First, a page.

Adaptation – Volume 9 – Food Management

How much food do you waste a week?

Americans on a whole waste more food than most people in the world.

Food Waste is Rampant!

Food Waste is Rampant!

From NPR, the NRDC, as well as CNN reports of food waste by Americans is eye-opening!  An estimated 40% of food is wasted by  Americans.  That 40% equates to nearly 33 million tons.  The value of this food is estimated to be $165 Billion dollars worth of food each year!

In a time where the economy has been poor, it is apparent that when it comes to food, Americans think it’s expendable!  Now please tell me that I’m wrong, but that’s not right!

Click to access wasted-food-ip.pdf

Not only is it expensive and wasteful, it’s ecologically unsustainable.  The natural resources and work effort spent to grow that food, including labor, fertilizers, processing, packaging and transportation costs are huge.  Why is this happening?

The Lack of Food Security.

It is reported that one in five kids in America live in a family that lacks food security!

One group of university students have worked to make a difference.

What they have discovered is that it’s not an over production problem…it’s a food distribution problem.  The problem is that there is a tremendous amount of hunger and people who are calorie deprived in America today.  The food that is excess to our needs just can’t find a way to them!

Logistics is the Issue!

Supply and demand has always been the driving force to our economic base.  Right now we have a large un controlled demand and a plentiful supply.  How can we actually make food balances occur between the over=consumers with the under-consumers.  We need middle men who are willing to help make the whole thing balance out!

The EPA has a guide for the Reuse of Excess Foods, If you wonder what works check their site out.

The EPA breaks it down to six things;

1) Source Reduction – Reduce the volume of food waste generated.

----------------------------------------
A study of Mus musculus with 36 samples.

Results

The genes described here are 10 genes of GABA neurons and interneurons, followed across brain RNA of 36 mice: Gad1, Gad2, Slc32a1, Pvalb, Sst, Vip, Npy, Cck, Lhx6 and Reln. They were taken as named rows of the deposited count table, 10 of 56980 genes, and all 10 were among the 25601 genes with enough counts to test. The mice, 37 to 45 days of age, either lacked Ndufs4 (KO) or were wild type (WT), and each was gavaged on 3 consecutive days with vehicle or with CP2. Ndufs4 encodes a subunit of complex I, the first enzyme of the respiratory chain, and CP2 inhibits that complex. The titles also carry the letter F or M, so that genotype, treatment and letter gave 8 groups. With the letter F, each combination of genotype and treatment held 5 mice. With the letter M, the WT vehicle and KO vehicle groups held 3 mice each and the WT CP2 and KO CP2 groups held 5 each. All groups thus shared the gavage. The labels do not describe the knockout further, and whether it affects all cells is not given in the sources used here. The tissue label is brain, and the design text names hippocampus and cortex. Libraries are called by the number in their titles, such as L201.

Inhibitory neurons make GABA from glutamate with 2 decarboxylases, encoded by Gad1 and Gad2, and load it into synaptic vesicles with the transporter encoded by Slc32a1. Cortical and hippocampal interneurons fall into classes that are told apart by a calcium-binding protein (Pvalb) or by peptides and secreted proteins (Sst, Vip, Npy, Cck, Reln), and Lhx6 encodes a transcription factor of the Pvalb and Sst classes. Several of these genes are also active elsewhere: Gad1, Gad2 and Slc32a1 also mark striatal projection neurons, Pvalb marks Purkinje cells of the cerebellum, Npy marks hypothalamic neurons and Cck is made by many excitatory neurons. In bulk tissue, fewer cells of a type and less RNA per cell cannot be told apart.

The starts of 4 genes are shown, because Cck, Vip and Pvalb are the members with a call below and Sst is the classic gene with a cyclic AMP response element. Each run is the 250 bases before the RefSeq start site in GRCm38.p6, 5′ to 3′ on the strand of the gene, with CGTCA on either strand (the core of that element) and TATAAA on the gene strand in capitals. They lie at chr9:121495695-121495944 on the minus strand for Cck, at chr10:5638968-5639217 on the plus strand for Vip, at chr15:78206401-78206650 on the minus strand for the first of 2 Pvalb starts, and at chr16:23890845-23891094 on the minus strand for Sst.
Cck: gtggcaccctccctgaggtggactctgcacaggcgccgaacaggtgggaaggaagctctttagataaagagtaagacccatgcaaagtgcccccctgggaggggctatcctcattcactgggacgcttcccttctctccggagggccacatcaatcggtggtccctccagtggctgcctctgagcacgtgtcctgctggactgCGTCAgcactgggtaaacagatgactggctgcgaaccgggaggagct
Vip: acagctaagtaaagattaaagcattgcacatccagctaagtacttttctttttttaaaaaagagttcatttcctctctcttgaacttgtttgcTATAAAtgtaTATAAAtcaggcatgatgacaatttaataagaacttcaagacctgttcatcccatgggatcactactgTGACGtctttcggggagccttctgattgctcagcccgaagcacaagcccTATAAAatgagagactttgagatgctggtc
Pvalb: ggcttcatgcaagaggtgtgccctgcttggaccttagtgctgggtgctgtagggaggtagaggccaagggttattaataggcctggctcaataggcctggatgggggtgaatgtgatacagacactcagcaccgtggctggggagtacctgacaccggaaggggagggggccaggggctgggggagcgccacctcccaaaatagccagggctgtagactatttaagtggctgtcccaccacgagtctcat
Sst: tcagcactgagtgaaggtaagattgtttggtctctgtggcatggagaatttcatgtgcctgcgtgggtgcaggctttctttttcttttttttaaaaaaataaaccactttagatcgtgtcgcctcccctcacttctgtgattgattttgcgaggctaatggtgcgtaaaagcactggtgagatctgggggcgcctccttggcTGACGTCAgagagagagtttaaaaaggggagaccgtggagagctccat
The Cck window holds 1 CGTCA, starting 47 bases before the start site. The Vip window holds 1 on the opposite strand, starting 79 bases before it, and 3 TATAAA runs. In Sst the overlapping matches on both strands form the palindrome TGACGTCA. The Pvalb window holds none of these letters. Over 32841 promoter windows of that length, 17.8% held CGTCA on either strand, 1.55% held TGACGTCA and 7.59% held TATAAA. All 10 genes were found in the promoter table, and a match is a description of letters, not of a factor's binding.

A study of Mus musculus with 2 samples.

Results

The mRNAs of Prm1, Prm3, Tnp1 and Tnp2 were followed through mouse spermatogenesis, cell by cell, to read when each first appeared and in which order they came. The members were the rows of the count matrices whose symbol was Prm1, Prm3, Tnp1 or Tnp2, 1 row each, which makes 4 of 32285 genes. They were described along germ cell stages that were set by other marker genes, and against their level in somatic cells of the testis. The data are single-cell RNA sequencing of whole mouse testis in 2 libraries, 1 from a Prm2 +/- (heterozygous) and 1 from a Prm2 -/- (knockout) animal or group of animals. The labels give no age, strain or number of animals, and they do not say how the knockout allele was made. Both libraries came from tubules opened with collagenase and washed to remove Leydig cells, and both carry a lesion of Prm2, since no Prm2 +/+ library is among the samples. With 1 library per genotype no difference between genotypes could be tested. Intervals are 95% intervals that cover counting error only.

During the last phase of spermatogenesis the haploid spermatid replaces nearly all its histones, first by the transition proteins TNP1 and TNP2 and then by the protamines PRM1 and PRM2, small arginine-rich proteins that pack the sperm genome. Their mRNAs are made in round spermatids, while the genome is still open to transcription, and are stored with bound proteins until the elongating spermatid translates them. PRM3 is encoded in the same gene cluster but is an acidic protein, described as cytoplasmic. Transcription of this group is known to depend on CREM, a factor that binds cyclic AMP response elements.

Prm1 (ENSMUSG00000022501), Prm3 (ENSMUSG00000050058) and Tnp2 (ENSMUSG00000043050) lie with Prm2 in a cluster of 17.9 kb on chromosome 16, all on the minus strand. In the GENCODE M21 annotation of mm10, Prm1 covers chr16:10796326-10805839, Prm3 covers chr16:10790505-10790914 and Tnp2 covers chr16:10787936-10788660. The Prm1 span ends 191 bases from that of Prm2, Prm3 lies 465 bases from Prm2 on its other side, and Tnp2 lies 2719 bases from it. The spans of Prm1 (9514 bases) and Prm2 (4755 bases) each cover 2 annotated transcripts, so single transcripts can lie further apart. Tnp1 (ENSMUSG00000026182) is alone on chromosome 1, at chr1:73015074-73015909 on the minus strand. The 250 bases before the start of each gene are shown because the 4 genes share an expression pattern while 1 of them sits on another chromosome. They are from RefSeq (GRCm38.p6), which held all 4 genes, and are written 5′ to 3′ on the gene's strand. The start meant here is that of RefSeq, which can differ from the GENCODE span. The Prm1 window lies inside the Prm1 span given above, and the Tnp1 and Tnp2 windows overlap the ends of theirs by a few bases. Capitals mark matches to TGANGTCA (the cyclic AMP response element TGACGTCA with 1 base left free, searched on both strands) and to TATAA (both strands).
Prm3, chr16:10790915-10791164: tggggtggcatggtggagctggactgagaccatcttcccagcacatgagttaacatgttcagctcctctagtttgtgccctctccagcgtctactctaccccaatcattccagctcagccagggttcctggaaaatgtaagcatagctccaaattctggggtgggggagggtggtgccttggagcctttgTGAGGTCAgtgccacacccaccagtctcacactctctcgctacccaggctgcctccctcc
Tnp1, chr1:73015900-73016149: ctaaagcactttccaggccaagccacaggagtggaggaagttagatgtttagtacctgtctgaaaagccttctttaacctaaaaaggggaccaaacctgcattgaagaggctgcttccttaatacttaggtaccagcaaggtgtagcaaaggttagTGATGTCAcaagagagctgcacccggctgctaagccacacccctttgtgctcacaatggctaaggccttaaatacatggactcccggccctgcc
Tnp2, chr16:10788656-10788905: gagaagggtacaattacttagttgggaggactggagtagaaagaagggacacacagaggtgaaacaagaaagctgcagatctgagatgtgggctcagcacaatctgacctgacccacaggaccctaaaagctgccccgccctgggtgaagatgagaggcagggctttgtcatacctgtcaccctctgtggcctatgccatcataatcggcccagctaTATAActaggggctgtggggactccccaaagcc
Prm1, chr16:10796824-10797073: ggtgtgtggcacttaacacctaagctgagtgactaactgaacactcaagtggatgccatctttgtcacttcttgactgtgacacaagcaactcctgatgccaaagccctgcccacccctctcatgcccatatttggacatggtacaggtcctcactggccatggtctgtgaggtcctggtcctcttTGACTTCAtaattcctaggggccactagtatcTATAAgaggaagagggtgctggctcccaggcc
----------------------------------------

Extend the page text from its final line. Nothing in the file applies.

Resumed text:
2) Feed People – Feed hungry people by donating to food banks, soup kitchens and shelters.

3) Feed Animals – Use excess food scraps in animal feed.

4) Industrial Uses – Use waste oils for rendering and fuel conservation.

5) Composting – Create a nutrient rich soil amendment…and,

6) Use Landfills as a last resort. – Landfills are a blight on our landscape and can be environmentally detrimental to communities and natural resources.

Click to access food-guide.pdf


If Edible Food Cannot be Passed on, Consider Composting it!

In 2013, the University of North Carolina and other colleges and universities competed in the Recycle Mania competition.

Food Waste can be Recycled!

Food Waste can be Recycled!

“Over a 10-week period, over 500 North American colleges and universities reported their recycling and trash data, which are then ranked according to who collects the largest amount of recyclables per capita, the largest amount of total recyclables, the least amount of trash per capita, or have the highest recycling rate.”

“This makes the composting program an essential component of UNC’s Climate Action Plan, which aims to achieve carbon neutrality by 2050. In 2011, for example, composting resulted in a reduction of 276 metric tons of carbon dioxide equivalent emissions.”

Recyclemania is big throughout the American Colleges with over 500 competing last year alone!

Either way, we are dealing with a product that can make our world better,  all it takes is thought and action.

Think Twice Before You Throw Out Food!

Support Your Local Food Banks!

Recycle and Compost!


About rsingram

Environmental Specialist, Disaster Reservist, Certified Professional in Erosion and Sediment Control, Para-Archeologist
This entry was posted in Economics, Education, Food Banks, Food Waste and tagged , , , , , . Bookmark the permalink.